The energy content of light depends on its wavelength
In Berlin at the beginning of the twentieth century Max Planck and Albert Einstein, two Nobel Prize winners, carried out the epoch-making studies proving that light has a dual nature. It can be regarded as an electromagnetic wave as well as an emission of particles, which are termed light quanta or photons.
The energy of the photon is proportional to its frequency v:
E = h . v = h . c / λ
where h is the Planck constant (6.6 · 10-34 J s) and c the velocity of the light (3 · 108 m s-1). λ is the wavelength of light.
The mole (abbreviated to mol) is used as a chemical measure for the amount of molecules and the amount of photons corresponding to 6 · 1023 molecules or photons (Avogadro number NA). The energy of one mol photons amounts to:
E = h ⋅ c / λ ⋅ NA (2.2)
In order to utilize the energy of a photon in a thermodynamic sense, this energy must be at least as high as the Gibbs free energy of the photochemi-cal reaction involved. (In fact much energy is lost during energy conversion, with the consequence that the energy of the photon must be higher than the Gibbs free energy of the corresponding reaction.) We can equate the Gibbs free energy ∆G with the energy of the absorbed light:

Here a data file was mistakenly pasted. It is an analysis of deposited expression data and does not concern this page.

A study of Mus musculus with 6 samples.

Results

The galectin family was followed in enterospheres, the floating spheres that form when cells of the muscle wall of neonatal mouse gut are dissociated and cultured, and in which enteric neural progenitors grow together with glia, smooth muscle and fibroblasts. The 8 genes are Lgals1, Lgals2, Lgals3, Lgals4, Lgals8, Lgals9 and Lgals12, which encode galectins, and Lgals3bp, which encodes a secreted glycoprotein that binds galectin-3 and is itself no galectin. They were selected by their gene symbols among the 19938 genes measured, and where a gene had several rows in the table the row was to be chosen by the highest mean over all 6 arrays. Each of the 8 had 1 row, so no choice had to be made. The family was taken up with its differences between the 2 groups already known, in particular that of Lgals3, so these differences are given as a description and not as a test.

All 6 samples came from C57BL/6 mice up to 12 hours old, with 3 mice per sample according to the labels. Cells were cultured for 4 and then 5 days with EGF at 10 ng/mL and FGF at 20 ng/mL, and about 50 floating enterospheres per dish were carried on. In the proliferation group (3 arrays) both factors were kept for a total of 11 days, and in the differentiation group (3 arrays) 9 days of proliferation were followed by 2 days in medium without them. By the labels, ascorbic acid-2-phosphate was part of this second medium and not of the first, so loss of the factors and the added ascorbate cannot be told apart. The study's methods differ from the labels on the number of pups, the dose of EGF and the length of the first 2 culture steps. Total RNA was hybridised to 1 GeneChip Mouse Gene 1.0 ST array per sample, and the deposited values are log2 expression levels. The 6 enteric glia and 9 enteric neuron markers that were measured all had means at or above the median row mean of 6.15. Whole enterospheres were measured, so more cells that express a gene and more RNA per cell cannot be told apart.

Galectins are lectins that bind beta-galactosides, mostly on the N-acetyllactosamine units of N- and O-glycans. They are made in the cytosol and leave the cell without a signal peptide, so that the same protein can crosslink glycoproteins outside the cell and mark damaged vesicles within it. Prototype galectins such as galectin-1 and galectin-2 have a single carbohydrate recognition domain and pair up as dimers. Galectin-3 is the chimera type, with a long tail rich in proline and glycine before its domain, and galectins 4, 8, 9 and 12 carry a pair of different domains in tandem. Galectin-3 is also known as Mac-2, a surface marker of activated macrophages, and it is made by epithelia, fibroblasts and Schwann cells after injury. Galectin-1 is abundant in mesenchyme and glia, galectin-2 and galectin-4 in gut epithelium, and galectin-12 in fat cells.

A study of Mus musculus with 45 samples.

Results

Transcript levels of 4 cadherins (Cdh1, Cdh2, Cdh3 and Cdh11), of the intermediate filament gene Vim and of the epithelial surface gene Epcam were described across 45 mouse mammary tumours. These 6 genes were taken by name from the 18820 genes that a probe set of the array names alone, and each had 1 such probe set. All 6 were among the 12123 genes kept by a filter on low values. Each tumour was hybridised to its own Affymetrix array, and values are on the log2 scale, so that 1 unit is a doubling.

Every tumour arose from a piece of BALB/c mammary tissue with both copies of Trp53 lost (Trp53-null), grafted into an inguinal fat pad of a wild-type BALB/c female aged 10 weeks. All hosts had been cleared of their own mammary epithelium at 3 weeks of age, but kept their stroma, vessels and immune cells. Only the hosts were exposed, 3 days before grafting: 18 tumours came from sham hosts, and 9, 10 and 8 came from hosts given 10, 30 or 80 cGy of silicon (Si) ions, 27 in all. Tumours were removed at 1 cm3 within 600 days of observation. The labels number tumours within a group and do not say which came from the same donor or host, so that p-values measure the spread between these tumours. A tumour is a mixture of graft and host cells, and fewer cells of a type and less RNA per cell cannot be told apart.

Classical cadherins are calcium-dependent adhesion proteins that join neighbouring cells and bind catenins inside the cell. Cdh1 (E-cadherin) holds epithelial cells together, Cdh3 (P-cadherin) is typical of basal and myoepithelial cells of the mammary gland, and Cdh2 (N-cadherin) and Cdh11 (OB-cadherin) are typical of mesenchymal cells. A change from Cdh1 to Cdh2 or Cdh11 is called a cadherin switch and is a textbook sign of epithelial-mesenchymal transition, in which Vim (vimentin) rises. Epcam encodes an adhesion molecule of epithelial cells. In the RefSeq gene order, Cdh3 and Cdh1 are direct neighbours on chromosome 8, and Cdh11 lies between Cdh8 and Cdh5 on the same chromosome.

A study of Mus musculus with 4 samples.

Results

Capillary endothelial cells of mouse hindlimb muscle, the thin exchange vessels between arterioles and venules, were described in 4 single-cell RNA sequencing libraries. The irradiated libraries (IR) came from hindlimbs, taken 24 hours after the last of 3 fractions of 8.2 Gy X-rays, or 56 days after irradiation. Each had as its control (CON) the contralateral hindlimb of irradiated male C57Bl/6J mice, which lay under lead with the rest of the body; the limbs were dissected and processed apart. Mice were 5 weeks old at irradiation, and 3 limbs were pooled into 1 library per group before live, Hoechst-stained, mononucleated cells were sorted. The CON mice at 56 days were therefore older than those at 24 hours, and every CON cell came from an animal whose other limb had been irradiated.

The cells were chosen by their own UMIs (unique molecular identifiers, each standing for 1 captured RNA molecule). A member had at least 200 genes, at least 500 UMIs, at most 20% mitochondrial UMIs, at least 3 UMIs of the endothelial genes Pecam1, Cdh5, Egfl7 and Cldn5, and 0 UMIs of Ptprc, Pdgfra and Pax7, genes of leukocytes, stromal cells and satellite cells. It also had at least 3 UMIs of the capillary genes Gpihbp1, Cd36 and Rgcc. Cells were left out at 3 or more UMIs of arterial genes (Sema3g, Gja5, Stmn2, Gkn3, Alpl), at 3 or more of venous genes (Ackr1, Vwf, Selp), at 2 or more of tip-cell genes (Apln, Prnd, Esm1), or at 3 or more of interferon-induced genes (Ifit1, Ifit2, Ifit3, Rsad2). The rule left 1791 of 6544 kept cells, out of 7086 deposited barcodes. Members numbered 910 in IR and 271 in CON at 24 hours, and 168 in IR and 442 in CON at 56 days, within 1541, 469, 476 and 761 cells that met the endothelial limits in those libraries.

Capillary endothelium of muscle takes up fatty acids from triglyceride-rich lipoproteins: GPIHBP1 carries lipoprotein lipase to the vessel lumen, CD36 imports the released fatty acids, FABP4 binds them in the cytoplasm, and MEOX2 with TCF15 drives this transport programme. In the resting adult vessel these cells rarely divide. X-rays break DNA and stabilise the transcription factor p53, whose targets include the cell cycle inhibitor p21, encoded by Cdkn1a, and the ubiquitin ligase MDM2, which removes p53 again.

ΔG = E = h ⋅ c / λ ⋅ NA (2.3)
The introduction of numerical values of the constants h, c, and NA yields:
ΔG = 6.6 . 10-34 . (J . s) . 3 . 108(m) / (s) . 1 / λ(m) . 6.1023 / (mol)
ΔG = 119000 / λ(nm) [kJ/mol photons]
It is often useful to state the electrical potential ( ∆E) of the irradiation instead of energy when comparing photosynthetic reactions with redox reactions:
ΔE = - ΔG / F
where F = number of charges per mol = 96,485 Amp · s · mol-1. The
introduction of this value yields:
ΔE = - NA . . h . c / F.λ(nm) = 1231 / λ(nm) [ Volt]
The human eye perceives only the small range between about 400 and 700 nm of the broad spectrum of electromagnetic waves (Fig. 2.2). The light in this range, where the intensity of solar radiation is especially high, is uti-lized in plant photosynthesis. Bacterial photosynthesis, however, is able to utilize light in the infrared range.
According to equation 2.3 the energy of irradiated light is inversely proportional to the wavelength. Table 2.1 shows the light energy per mol photons for light of different colors. Consequently, violet light has an energy of about 300 kJ/mol photons. Dark blue light, with the highest wavelength (700 nm) that can still be utilized by plant photosynthesis, contains 170 kJ/ mol photons. This is only about half the energy content of violet light.